Dawn of the (U.S.) cargo bike revolution

[NOTE: I originally posted this article on May 27, 2010.  Since then, new information has become available.  I edited this on August 24 to incorporate some of the new developments.]

The title of this post might be a tad premature, but today I’m feeling a little more optimistic than I have in recent weeks.  That’s partly due to encouragement from my readers (you are a wonderful bunch!)  And perhaps some of the credit goes to a break in our Seattle rain that is allowing work to proceed on the solar panels being installed on my roof this week (soon I will be motoring up the hill using electrons harvested very locally).

But the biggest boost in my outlook came from news that two of the biggest names in cargo bike manufacturing — Kona and Yuba — are offering electric assistance as a pre-built option for their bikes.  Regular readers of my blog will know that this is a development I’ve been waiting and wishing for, and I think it signals the beginning of a new chapter in the annals of this kind of transportation (at least in the U.S.)

Why is it significant?

First, customers will no longer have to build these bikes themselves.  That requires either mechanical ability or a good bike mechanic and some extra cash.  But the process isn’t streamlined: which motor do you use?  Where do you mount the battery?  Are the specs on the motor a good match for the loads on the bike?  I’ve read several blogs where the build process took months to complete.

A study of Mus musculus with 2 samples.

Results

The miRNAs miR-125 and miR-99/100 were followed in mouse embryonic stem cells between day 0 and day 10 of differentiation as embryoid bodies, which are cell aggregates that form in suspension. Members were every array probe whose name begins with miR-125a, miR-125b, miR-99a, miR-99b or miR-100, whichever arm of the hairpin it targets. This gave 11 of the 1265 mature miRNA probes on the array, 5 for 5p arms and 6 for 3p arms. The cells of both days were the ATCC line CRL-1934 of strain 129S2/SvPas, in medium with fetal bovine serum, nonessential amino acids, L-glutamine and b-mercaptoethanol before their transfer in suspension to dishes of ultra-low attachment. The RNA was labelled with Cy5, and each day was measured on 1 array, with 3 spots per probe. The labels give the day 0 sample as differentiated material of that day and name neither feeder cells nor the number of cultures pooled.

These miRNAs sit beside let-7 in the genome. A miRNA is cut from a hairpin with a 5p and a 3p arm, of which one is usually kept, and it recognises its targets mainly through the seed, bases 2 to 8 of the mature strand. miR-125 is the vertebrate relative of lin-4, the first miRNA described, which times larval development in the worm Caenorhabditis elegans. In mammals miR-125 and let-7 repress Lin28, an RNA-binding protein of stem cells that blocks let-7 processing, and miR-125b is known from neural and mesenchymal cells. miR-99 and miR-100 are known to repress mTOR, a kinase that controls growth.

One can assume that the bike manufacturers have matched an appropriate motor to the bike.  If there are issues with the bike, there is a single contact, rather than wondering if the problem lies with the bike, the motor, or the installer.  To date, electric cargo bikes have been one-off custom builds, and there is no easy way to leverage knowledge or share solutions.

Economies of scale will reduce prices (both of the new bikes are significantly less expensive than mine), and competition will keep those prices within reach of people who need an alternative to a car for financial reasons.

So here’s a quick comparison of the bikes, with mine thrown in for context:

  Kona Electric Ute Yuba elMundo

Rans Hammer Truck / BionX
Price $2,599 $2,297 (includes tax and shipping!) $3,887 = $1,997 (bike) + $1,890 (BionX)bags/runners/deck not incl.
Motor 250W front hub 500W front hub 350W rear hub (BionX)
Links http://www.konaworld.com/bike.cfm?content=electric_ute http://yubaride.com/yubashop/28-e-mundo.html http://www.ransbikes.com/Hammertruck09.htm

http://www.cycle9.com/c9store/electric-bicycle-kits-c-5/bionx-pl-350-rear-hub-motor-kit-p-48

When I originally wrote this article, I included a row in the table above listing the carrying capacity of each bike.  Since then, I have become concerned about the ability of cargo bike brakes to stop loads that approach the carrying limits of the bike.  Yuba has actually removed any mention of carrying capacity from its website.  In my opinion, that is the responsible thing to do.  There is already a tendency for enthusiastic cargo bike promoters to put very large loads on these bikes and post photos for bragging rights.  Even though it’s fun, I don’t think it’s in the long-term interest of cargo biking to promote unrealistic or unsafe behavior.

Since I wrote this article, there have been further developments for the Ute and elMundo, and there is a new bike coming from Trek.  You can read about them here.